The USOC has responded to the findings of the House Energy and Commerce Committee report into sexual abuse within sport, centered on the Larry Nassar scandal ©Getty Images

Sarah Hirshland, chief executive of the United States Olympic Committee (USOC), has responded to the House Energy and Commerce Committee report into the efforts to protect athletes from sexual abuse that was released in Washington D.C.

The Energy and Commerce Committee, chaired by Greg Walden, summarised its findings after conducting a year-long investigation into sexual abuse with the USOC and its 48 national governing bodies (NGBs).

Former USA Gymnastics team doctor Larry Nassar is now serving up to 175 years in prison having been found guilty of sexually abusing dozens of American gymnasts.

An independent report published earlier this month by law firm Ropes & Gray claimed the USOC and USA Gymnastics had facilitated Nassar's abuse of hundreds of athletes and had failed to act when the allegations against the disgraced doctor emerged.

Senators have called on the Federal Bureau of Investigation (FBI) to investigate both USOC and USA Gymnastics following the report, which stated Nassar "acted within an ecosystem that facilitated his criminal acts".

Entitled "Nassar and Beyond: A Review of the Olympic Community's Efforts to Protect Athletes from Sexual Abuse", the Washington report details a number of failures and trends within the Olympic community that contributed to widespread instances of sexual abuse.

The report lists several recommendations aimed at definitively putting athlete safety at the centre of the USOC and each NGB's mission.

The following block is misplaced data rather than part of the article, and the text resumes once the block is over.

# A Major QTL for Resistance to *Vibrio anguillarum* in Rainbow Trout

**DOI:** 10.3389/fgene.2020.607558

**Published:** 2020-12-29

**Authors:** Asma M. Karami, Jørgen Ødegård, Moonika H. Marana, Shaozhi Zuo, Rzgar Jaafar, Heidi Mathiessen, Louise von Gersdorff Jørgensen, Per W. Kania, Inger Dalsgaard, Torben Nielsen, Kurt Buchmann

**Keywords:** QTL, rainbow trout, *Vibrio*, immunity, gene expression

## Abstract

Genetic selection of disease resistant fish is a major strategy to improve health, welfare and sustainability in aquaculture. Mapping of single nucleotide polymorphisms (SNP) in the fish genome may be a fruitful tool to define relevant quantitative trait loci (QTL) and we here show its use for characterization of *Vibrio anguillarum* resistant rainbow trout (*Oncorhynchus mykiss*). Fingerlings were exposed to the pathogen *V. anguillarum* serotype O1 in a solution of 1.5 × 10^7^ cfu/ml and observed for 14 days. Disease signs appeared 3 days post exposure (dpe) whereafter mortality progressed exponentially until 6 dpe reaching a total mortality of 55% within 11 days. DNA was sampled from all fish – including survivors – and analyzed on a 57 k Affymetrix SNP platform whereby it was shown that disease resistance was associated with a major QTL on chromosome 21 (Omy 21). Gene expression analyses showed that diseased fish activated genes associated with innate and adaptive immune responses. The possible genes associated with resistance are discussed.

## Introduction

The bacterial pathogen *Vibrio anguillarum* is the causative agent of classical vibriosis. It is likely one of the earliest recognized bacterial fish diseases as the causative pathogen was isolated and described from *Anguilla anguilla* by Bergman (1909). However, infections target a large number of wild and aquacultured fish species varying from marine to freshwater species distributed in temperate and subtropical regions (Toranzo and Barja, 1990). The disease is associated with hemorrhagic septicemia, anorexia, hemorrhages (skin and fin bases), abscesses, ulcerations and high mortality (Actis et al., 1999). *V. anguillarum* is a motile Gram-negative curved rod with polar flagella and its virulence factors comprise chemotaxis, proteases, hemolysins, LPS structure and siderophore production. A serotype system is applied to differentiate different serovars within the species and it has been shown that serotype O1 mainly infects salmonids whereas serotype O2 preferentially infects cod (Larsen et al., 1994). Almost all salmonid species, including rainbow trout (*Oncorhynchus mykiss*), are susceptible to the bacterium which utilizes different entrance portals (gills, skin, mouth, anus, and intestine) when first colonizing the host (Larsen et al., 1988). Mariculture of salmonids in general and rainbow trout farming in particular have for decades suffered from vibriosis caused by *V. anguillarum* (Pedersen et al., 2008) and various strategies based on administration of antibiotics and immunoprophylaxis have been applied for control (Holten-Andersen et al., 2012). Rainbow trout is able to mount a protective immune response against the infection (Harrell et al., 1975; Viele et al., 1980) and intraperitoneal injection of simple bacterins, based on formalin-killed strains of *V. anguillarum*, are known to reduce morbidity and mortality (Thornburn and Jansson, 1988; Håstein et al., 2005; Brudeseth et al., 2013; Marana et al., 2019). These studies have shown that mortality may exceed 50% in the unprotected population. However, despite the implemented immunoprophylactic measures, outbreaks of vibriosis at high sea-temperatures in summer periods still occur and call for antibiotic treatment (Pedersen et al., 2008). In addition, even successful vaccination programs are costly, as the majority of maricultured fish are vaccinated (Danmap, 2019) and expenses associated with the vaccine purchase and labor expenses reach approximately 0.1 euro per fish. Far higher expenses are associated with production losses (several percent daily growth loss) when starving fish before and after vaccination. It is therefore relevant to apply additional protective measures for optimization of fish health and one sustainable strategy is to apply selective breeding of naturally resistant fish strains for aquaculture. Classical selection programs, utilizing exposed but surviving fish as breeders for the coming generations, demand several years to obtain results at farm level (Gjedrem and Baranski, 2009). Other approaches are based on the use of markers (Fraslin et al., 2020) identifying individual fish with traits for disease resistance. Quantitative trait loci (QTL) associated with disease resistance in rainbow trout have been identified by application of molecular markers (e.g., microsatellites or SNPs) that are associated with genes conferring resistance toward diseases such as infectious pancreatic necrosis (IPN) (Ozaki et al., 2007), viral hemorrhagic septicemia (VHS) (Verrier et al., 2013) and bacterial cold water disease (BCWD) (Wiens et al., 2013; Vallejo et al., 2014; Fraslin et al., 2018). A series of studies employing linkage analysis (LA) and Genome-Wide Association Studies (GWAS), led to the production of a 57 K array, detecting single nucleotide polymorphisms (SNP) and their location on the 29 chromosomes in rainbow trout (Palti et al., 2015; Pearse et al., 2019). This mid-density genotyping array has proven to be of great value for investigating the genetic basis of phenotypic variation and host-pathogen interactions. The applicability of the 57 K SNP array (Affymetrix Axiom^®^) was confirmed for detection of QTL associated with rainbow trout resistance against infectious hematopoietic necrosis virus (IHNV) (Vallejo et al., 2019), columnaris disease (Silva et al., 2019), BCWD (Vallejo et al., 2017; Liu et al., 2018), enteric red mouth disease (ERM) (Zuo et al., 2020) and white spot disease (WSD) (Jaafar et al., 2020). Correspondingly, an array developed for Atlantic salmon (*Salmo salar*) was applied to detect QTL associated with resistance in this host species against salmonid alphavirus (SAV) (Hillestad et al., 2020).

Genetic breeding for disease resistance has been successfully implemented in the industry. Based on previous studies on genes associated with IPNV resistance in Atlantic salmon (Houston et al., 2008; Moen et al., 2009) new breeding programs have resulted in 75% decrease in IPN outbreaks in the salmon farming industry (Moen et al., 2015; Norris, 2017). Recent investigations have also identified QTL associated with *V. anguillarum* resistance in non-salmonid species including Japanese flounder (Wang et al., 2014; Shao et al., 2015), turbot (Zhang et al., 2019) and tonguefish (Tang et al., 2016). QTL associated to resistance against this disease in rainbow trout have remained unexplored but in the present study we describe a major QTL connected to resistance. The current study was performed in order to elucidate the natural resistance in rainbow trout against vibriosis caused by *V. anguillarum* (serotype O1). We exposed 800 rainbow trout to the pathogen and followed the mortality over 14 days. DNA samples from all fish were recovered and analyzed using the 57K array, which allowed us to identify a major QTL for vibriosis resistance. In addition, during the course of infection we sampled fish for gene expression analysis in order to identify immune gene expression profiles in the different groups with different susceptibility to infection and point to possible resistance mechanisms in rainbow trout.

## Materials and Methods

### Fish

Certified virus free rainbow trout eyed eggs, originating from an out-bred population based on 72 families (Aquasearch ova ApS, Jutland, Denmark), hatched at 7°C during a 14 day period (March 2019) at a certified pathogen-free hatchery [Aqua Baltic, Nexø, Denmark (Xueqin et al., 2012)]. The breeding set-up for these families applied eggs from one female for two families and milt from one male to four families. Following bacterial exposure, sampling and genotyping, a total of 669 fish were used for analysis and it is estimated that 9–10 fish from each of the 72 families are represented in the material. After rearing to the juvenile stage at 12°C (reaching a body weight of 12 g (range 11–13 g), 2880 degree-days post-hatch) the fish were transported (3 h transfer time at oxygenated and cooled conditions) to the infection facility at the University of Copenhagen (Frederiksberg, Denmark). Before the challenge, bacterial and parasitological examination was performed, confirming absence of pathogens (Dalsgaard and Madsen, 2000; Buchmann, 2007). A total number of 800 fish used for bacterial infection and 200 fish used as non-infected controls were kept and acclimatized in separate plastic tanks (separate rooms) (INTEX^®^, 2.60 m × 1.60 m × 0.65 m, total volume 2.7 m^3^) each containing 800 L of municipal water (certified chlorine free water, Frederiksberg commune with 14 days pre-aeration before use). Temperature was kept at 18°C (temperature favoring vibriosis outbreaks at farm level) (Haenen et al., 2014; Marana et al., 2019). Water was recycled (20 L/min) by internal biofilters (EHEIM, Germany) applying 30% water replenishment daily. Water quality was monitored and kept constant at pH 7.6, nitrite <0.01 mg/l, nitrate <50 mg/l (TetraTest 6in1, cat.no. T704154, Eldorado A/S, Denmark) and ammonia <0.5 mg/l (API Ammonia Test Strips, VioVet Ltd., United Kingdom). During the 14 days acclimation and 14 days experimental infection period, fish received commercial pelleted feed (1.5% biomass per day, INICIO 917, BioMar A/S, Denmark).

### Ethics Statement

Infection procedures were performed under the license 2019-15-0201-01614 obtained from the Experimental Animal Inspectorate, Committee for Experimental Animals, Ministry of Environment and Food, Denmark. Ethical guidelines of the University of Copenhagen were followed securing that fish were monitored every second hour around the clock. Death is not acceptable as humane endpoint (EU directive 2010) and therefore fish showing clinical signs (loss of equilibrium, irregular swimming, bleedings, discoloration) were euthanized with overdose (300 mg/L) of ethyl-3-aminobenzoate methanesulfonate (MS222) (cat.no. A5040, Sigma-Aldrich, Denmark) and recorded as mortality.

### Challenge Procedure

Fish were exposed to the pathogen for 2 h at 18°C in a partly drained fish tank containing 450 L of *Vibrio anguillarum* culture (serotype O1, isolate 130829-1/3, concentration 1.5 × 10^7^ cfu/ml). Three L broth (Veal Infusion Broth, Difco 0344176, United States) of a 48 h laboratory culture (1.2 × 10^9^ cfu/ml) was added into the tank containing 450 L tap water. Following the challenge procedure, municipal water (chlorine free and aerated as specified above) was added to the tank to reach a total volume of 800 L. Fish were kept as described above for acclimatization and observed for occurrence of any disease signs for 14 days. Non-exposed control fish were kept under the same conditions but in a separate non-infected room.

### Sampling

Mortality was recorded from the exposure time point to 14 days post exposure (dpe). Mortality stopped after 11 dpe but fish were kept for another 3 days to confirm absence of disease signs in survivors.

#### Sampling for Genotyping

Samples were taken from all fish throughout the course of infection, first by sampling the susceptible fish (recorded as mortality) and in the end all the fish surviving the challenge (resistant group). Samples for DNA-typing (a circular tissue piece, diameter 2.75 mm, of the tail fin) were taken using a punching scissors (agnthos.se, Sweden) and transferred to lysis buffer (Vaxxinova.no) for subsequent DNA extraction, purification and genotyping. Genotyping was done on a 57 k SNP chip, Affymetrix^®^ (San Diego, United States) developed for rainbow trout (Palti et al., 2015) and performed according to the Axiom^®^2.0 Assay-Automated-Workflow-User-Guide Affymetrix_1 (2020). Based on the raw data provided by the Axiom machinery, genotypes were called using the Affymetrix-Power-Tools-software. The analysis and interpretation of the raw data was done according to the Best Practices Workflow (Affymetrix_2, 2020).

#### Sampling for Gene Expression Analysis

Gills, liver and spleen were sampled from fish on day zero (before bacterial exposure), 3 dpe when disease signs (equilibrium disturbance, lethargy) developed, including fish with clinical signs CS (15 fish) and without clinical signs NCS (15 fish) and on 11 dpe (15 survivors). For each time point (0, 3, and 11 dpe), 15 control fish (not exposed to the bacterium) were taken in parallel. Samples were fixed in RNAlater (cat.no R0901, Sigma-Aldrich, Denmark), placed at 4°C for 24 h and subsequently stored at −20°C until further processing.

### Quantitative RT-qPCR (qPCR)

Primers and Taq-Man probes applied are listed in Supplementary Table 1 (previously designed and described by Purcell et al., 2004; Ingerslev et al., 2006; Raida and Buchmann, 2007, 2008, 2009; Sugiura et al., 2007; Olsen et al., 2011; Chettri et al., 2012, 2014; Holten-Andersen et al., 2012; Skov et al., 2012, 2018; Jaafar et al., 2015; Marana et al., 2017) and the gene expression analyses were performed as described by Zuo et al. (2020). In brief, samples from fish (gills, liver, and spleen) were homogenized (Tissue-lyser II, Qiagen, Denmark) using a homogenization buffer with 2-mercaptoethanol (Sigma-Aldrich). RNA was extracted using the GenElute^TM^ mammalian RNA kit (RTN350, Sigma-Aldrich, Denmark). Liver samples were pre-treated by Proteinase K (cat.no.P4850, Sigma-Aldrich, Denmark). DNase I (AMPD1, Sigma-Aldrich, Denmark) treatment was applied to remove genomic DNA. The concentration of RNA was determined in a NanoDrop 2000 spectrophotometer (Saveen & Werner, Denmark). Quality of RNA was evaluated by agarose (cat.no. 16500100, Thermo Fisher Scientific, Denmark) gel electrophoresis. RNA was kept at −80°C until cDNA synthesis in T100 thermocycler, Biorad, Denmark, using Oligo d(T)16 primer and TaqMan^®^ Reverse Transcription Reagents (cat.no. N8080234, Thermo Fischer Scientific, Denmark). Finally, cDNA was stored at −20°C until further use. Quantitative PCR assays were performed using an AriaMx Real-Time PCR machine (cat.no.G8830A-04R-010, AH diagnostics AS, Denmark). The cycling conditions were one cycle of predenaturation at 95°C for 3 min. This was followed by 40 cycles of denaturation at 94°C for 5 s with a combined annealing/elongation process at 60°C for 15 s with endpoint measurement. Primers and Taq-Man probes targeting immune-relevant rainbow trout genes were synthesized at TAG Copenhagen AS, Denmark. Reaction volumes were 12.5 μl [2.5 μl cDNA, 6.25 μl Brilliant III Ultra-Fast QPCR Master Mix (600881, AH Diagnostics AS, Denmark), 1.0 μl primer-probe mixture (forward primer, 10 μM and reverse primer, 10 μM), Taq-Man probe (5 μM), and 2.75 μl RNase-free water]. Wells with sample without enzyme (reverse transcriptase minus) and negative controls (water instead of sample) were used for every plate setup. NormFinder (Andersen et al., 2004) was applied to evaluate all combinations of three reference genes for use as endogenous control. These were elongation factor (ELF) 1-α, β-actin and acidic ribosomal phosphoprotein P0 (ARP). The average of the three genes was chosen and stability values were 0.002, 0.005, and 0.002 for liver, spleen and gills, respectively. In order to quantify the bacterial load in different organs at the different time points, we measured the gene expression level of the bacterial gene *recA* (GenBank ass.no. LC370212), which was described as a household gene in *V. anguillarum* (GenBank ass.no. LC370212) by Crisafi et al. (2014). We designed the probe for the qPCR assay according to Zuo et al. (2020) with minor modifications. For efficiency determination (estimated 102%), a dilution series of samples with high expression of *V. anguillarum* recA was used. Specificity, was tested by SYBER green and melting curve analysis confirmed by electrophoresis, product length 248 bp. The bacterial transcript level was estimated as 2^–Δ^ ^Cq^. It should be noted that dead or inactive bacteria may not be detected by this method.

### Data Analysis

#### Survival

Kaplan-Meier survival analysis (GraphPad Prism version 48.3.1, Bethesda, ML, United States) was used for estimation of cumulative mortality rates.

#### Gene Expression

"Our year-long investigation revealed a number of breakdowns and failures in the system to protect athletes, including in how allegations of sexual misconduct have been handled by the National Governing Bodies - the groups that run individual sports - and the US Olympic Committee," said Walden.

"Over the course of this bipartisan investigation, the Committee spoke with many survivors, and their experiences informed and shaped our work.

"The report outlines recommendations of robust policies and procedures to put athlete safety first.

"While it's clear these organisations have made some strides, more work remains so that our athletes can finally feel safe and protected."

USOC's new chief executive Sarah Hirshland has welcomed the findings of the House Energy and Commerce Committee's year-long investigation into sexual abuse of athletes ©Getty Images
USOC's new chief executive Sarah Hirshland has welcomed the findings of the House Energy and Commerce Committee's year-long investigation into sexual abuse of athletes ©Getty Images

The report concludes: "The Olympic community has made strides in the last decade to improve athlete safety, including through the use of the Baker Tilly audits and the creation of the USCSS (U.S. Center for SafeSport).

"These efforts have not gone unnoticed.

"However, vulnerabilities in the system still exist.

"It is imperative that the USOC, NGBs, and USCSS are proactive to ensure that their policies and procedures, above all else, prioritise athlete safety, and are consistent, followed, and enforced."

Hirshland said: "I'd like to thank the House Energy and Commerce Committee for conducting this important review and for the constructive recommendations they've provided.

"While we've only just begun to digest the recommendations, this report adds another significant source of information to ensure we understand areas in which the Olympic community failed athletes and meaningful actions we can take to ensure that athlete safety is our number one priority.

"Sexual abuse, harassment and discrimination have no place in the US Olympic and Paralympic community, and it's on all of us - member organisations, institutions, and individuals alike - to foster a healthy culture for competitive excellence.

"Importantly, as noted in the report, we have taken meaningful action even since the Committee's review began, including strengthening the US Center for SafeSport and other athlete safety programmes, policies and procedures; empowering athletes’ voices in shaping key USOC and NGB policies; and evaluating and reforming how the USOC engages with NGBs and athletes.

"We will continue to do the work necessary to develop a healthy culture that keeps athletes safe and allows them to be their very best."